As the toxic myth that methanol can cure one of COVID-19 circulates in Iran, people continue to die from poisoning. A Tehran official said on Monday the number of poisoning deaths had reached 700.
Citing a report by the national coroner’s authority, the Associated Press reported on Monday that methanol poisoning had killed 728 Iranians between February 20 and April 7 – more than 10 times the typical number who die in this manner annually in Iran.
The explosion in poisonings has come about amid the country’s COVID-19 outbreak, which has infected more than 91,000 people in Iran and killed more than 5,000. Iran was among the first hit by the outbreak after the virus began spreading beyond Wuhan, where it originated.
Amid the dearth of information about even symptomatic treatment of the deadly respiratory disease, rumors swirled on Iranian social media as people pushed snake-oil cures, including drinking whiskey, honey and the deadliest rumor, methanol, a type of alcohol extremely poisonous to humans.
“It is rumored that alcohol can wash and sanitize the digestive system,” Dr. Javad Amini Saman in the western Iranian city of Kermanshah told AP in late March, when more than 300 had already died by poisoning. “That is very wrong.”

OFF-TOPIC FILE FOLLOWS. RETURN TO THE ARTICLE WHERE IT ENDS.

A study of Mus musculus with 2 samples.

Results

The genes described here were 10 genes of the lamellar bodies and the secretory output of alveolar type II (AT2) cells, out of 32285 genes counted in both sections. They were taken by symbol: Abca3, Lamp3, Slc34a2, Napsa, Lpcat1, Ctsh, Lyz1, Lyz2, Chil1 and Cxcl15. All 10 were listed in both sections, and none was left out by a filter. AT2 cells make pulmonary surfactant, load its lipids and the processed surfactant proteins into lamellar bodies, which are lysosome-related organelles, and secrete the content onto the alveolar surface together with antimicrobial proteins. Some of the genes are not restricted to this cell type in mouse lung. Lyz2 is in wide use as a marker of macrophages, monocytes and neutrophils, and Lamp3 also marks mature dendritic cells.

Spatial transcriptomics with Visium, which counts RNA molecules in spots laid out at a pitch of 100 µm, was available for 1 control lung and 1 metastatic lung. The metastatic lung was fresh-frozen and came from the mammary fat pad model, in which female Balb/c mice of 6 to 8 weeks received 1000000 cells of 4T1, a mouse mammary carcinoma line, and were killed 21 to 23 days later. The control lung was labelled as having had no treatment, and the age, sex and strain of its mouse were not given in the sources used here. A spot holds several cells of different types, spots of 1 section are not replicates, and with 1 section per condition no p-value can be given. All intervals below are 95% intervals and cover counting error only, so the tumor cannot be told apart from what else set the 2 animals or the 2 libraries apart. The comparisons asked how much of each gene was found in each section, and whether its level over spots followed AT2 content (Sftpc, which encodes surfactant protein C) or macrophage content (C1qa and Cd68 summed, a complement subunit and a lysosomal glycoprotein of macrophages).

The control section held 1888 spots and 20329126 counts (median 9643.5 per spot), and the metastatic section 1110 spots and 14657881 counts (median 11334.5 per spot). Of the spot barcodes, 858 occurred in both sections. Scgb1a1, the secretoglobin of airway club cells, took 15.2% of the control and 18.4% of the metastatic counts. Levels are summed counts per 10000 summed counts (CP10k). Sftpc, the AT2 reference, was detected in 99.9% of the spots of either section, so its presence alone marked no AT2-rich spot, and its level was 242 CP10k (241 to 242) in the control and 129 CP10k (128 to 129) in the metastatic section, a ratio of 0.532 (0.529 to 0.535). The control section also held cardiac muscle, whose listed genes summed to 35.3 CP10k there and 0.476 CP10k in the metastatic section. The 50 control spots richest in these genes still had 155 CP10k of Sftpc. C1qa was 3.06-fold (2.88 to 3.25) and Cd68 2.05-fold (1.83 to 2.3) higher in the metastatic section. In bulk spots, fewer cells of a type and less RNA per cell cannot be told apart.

Iranian Health Ministry spokesman Kianoush Jahanpour said on state television Monday that 525 people had died and 5,011 had been poisoned overall, 90 of whom had suffered damage to their eyesight as a result. Hossein Hassanian, an adviser to the Health Ministry, explained to AP on Monday that the difference in numbers was because some 200 people had died outside hospitals.
As a product synthesized from oil, methanol is produced in large quantities as an industrial material for export by Iran. According to a 2017 report prior to the reintroduction of US sanctions against Iran’s petrochemical exports, the country produced 5 million tons of methanol per year, constituting 10% of global methanol production. Iranian manufacturers are required to add dye to methanol to distinguish it from drinkable alcohol, even though consuming even that is banned for Iran’s mostly-Muslim population.
According to US National Institutes of Health, a potentially lethal dose of methanol is between 30 and 240 milliliters, or 1 gram per kilogram, with permanent visual damage occurring even at the lowest levels of toxicity. Therapeutic treatments can include fomepizole, ethanol and dialysis.
However, Iran isn’t alone in trying to combat false cures for the pandemic illness. In Israel, rumored cures have included a hot tea of lemon juice and baking soda, while in the US, media personalities like InfoWars chief Alex Jones and televangelist Jim Bakkerhave been ordered to stop pushing fake COVID-19 cures, and even US President Donald Trump gave questionable advice by suggesting injections of sunlight and disinfectants should be tested as therapeutics.